Roger Adams

News Director

Born in the Panama Canal Zone, Roger grew up with radio. His father was a HAM radio operator, and there was always a radio room in his house. He started listening to public radio in the late 1970s while in college and started volunteering at community station WMNF, Tampa, Florida in 1980. He went on to become News Director. Since, he has served as News Director for WDET, Detroit Public Radio and most recently as Program Director for Wyoming Public Radio. In Panama he was an avid water-skier but is embarrassed to say he has never been on snow skis. He loves the West and enjoys fly-fishing, horses, photography, sculpture and poetry. His daughter is a Junior in college while his teenage son is a Junior in high school. 

3:27 pm
Fri June 6, 2014

Valley Roundup - June 6th, 2014

Welcome to Valley Roundup, a review of the week’s top news stories in Aspen and beyond.  

Joining us today are Carolyn Sackariason from the Aspen Daily News and Michael Miracle from Aspen Sojourner magazine.

The judge in the Nancy Pfister murder case this week rescheduled a preliminary hearing for later in the month.  She also denied a motion to allow separate trials for the accused.

The building housing Aspen’s Explore Booksellers is on the market.  It unclear what that means for the bookstore

Also this week, a plan to open a small business incubator in Aspen.

And activist and artist Lee Mulcahy loses an appeal of his ban from Aspen Institute property.  He is also still banned from Skico properties and the Aspen Art Museum.

On the Download with Rob St. Mary we look at how best to increase and distribute broadband access in the mountains.

It’s all on this week’s Valley Roundup.

3:27 pm
Thu June 5, 2014

Mountain Edition - June 5th, 2014

High water on the Crystal River has forced the Gunnison County Sheriff’s office to call off a search for a missing kayaker.

Rivers in the Valley are dangerously high. One stretch of the Colorado River is too full to float, so a commercial rafting company changed its route.

A local photographer is back from the Colorado River Delta, where he witnessed the Colorado River reconnect to the sea.

Jimmy Carter and Amory Lovins are a few guests set to speak at this summer’s American Renewable Energy Day in Aspen - we’ll have a preview.

And, more than a dozen new art sculptures were installed on Carbondale’s busy streets this week.

Finally, we’ll take you to Hunter S. Thompson’s old homestead for a cookout hosted by a marijuana advocacy group.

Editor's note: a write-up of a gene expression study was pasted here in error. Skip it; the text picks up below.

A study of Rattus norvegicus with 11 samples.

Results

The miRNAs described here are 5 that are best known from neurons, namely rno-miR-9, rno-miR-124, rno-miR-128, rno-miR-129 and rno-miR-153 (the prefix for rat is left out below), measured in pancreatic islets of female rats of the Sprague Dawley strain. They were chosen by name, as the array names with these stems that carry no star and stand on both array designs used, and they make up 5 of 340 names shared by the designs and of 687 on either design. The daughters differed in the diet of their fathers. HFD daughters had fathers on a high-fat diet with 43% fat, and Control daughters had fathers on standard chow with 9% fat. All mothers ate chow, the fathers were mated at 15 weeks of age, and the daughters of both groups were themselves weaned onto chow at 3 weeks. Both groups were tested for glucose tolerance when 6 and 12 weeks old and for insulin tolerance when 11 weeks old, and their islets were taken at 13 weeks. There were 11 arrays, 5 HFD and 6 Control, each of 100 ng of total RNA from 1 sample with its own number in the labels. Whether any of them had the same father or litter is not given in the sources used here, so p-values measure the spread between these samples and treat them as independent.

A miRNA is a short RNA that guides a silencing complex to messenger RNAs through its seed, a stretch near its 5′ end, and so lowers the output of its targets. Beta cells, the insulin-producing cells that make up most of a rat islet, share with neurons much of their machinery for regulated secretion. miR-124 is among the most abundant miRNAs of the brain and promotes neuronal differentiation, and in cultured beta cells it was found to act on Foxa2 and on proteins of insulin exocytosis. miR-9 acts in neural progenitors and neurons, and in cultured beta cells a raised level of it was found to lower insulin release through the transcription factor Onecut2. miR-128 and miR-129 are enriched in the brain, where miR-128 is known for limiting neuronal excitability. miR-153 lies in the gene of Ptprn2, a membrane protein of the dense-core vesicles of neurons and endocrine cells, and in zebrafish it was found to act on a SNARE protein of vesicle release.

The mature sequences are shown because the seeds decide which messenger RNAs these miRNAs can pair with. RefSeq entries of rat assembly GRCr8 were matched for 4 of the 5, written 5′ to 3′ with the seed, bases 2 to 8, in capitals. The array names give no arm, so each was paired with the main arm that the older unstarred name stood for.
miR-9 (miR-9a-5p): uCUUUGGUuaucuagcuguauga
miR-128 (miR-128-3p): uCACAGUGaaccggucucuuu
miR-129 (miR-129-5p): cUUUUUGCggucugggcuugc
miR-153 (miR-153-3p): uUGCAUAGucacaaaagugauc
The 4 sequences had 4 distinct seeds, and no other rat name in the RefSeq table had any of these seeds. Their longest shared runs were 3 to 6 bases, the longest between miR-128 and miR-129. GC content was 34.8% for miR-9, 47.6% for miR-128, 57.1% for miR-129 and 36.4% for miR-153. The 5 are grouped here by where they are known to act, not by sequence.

That’s all coming up on Mountain Edition... right now.

Valley Roundup
3:30 pm
Fri May 30, 2014

Valley Roundup - May 30th, 2014

Welcome to Valley Roundup, a review of the week’s top news stories in Aspen and beyond.  

Joining us today are Curtis Wackerle, Managing Editor of the Aspen Daily News and Michael Miracle Editor of Aspen Sojourner magazine

As has rolled out a broad-based incentive plan designed to get lodges to upgrade, to create more actual hotel rooms and to make more of them more affordable.

The affordable housing program in Aspen and Pitkin County turns forty this year.  Aspen Sojourner has examined what was and what is yet to be.

Also, this week a nifty way to get an apartment and keep your dog.; with a doctor’s prescription Trixie becomes Trixie the Therapy Dog. 

And, on the Download with Rob St. Mary; new penalties for revenge porn and how you can get Google to forget you.

Its all on this week’s Valley Roundup.

11:53 am
Tue May 27, 2014

Mudslide Video and Photos

Looking down on the mudslide west of Carbondale.
Mesa County Sheriff's Office

  A mountainside southwest of Rifle gave way Sunday night (5-25-2014) in a rural area southwest of Rifle and about 40 miles east of Grand Junction.  Three men are still missing including a Mesa County Road and Bridge Department employee and his adult son.  The slide is estimated to be four miles long, a half mile wide and 250 feet deep.

3:27 pm
Fri May 23, 2014

Valley Roundup Special - Mental Health

Among medical and mental health care providers patients who repeatedly experience crisis episodes are often called "frequent flyers". 

Many of these people have untreated mental health disorders and they seek help in emergency rooms or are locked up in jails.  This untreated mental health problem costs $1,000 a year for every resident of Colorado

Health officials say it is difficult or impossible to treat these expensive frequent flyers without addressing their mental health.  Much of the problem is due to lack of resources

This month Rocky Mountain PBS’s I-News team focused on untreated mental health in Colorado.  Aspen Public Radio, in conjunction with station KUNC and Rocky Mountain PBS I-News takes a look at all of these issues.  The special is hosted by APR’s Roger Adams.